Mayan campaign mashup 2012: Lies lies lies lies

6 08 2012

I don’t care if Harry Reid lied.

And yes, I do believe he’s lying, if not about the conversation with a Bain adviser per se, then in propagating information which he likely knows isn’t true. Either way, I don’t care.

I should, though, shouldn’t I? Why let the political scientist in me rule over the citizen? After all, I don’t like lying in politics, and would prefer a clean and vigorous fight about policy and purpose over a cage match in which (metaphorically) gouging out one’s opponents eyes is considered the surest path to victory.

Also, I would like a pony.

Anyway, I let my analyst lead on a discussion at TNC’s place, repeating there what I have stated multiple times here: In electoral campaigns, all that matters is winning, and anything you do which helps you win is good, and anything you do which makes it more difficult to win is bad.

That’s it, that’s the full morality of electoral politics: Winning and everything associated with winning is good, losing and everything associated with losing is bad.

I and those who argued along similar lines got some pushback, with TNC saying he “didn’t really believe this” and others arguing that Democrats need to hold the line against demagoguery. One side held to the view that this is how electoral politics is (You run for President with the politics you have, not the politics you wish you had, as commenter WCBound put it) and the other that this is not how politics should be.

Along with the other amoralists, I took the hard line on this matter, defending lies and racism and swift-boating; in doing so we took the view of the analyst, or even of a campaign insider. Those who took the other side were standing on the ground of citizenship and, in terms of going after the lies, good journalism. Each side was right; neither side budged.

I as a citizen like to feel good about who I’m voting for, and thus am grateful that I have been able to pull the lever for two as-good-as-they-come politicians, Paul Wellstone and Russ Feingold. These men held to their principles—ran on their principles—and won election and re-election. Their integrity was the core of their campaigns, and had Feingold* tried to slide away from it, it’s not at all clear such sliding would have helped him in his losing bid for a third senatorial term.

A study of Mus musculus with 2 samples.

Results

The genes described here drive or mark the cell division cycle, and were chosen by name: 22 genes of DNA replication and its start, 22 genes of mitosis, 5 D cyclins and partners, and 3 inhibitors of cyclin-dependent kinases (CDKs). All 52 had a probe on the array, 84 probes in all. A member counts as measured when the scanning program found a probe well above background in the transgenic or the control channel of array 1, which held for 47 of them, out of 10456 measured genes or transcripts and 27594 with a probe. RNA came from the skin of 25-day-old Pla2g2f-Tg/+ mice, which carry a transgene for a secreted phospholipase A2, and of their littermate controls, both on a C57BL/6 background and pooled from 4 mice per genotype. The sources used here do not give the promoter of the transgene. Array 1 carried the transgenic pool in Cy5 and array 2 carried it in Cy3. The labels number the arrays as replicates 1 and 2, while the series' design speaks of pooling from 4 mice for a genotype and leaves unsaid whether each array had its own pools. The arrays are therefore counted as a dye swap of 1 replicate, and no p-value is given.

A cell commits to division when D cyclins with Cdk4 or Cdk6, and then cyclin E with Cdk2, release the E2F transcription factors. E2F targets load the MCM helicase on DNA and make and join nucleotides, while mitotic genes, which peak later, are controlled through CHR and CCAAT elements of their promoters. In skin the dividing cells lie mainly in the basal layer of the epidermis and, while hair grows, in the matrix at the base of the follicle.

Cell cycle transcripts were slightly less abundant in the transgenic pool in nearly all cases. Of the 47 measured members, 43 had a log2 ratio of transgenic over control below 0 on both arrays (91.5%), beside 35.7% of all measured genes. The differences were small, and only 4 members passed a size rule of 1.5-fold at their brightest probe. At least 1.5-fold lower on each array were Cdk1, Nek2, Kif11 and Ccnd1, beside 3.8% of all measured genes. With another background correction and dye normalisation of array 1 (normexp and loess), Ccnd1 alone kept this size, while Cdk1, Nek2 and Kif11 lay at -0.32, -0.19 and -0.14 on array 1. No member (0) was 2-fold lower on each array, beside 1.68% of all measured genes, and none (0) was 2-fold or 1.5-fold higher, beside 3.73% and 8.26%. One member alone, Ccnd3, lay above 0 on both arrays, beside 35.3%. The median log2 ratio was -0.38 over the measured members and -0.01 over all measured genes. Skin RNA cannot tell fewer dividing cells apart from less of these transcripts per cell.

(*Wellstone, of course, was killed in a plane crash while campaigning, and the man who stepped in to fill his candidacy, former Vice President Walter Mondale, another decent chap, lost to Norm Coleman.)

All that said, I’ll vote for the SOB who advocates for what I see as good policies over the decent candidate with horrible policies every time. Every damned time.

It would be great if more campaigns were built around integrity. It would be great if more journalists would press candidates on their views and their tactics. It would be great if the electorate rewarded clean campaigns and punished those who, by any standards other than those of electoral campaigning, “fought dirty”.

It would also be great if I got a pony.


7 08 2012
dmf

i just wish that when the press and pundits cover a lie, and or exaggeration, that they just called it what it was and didn’t always follow it up with well they all do it or that’s just politics, why not just let it stand?
and yes win first govern later, my sense is that the TNC crowd loves to mondaymorningquarterback politics (and everything else) but by and large hasn’t spent much time learning about or better yet participating in elections and other aspects of politics.

7 08 2012
dmf

7 08 2012
absurdbeats

It was interesting, the non-cynic argument broke one of two ways: One, it’s not really a lie; and two, we should be better than this.

I think the first response is simple tribalism, and the second, a fine sentiment that almost every time will get you second place.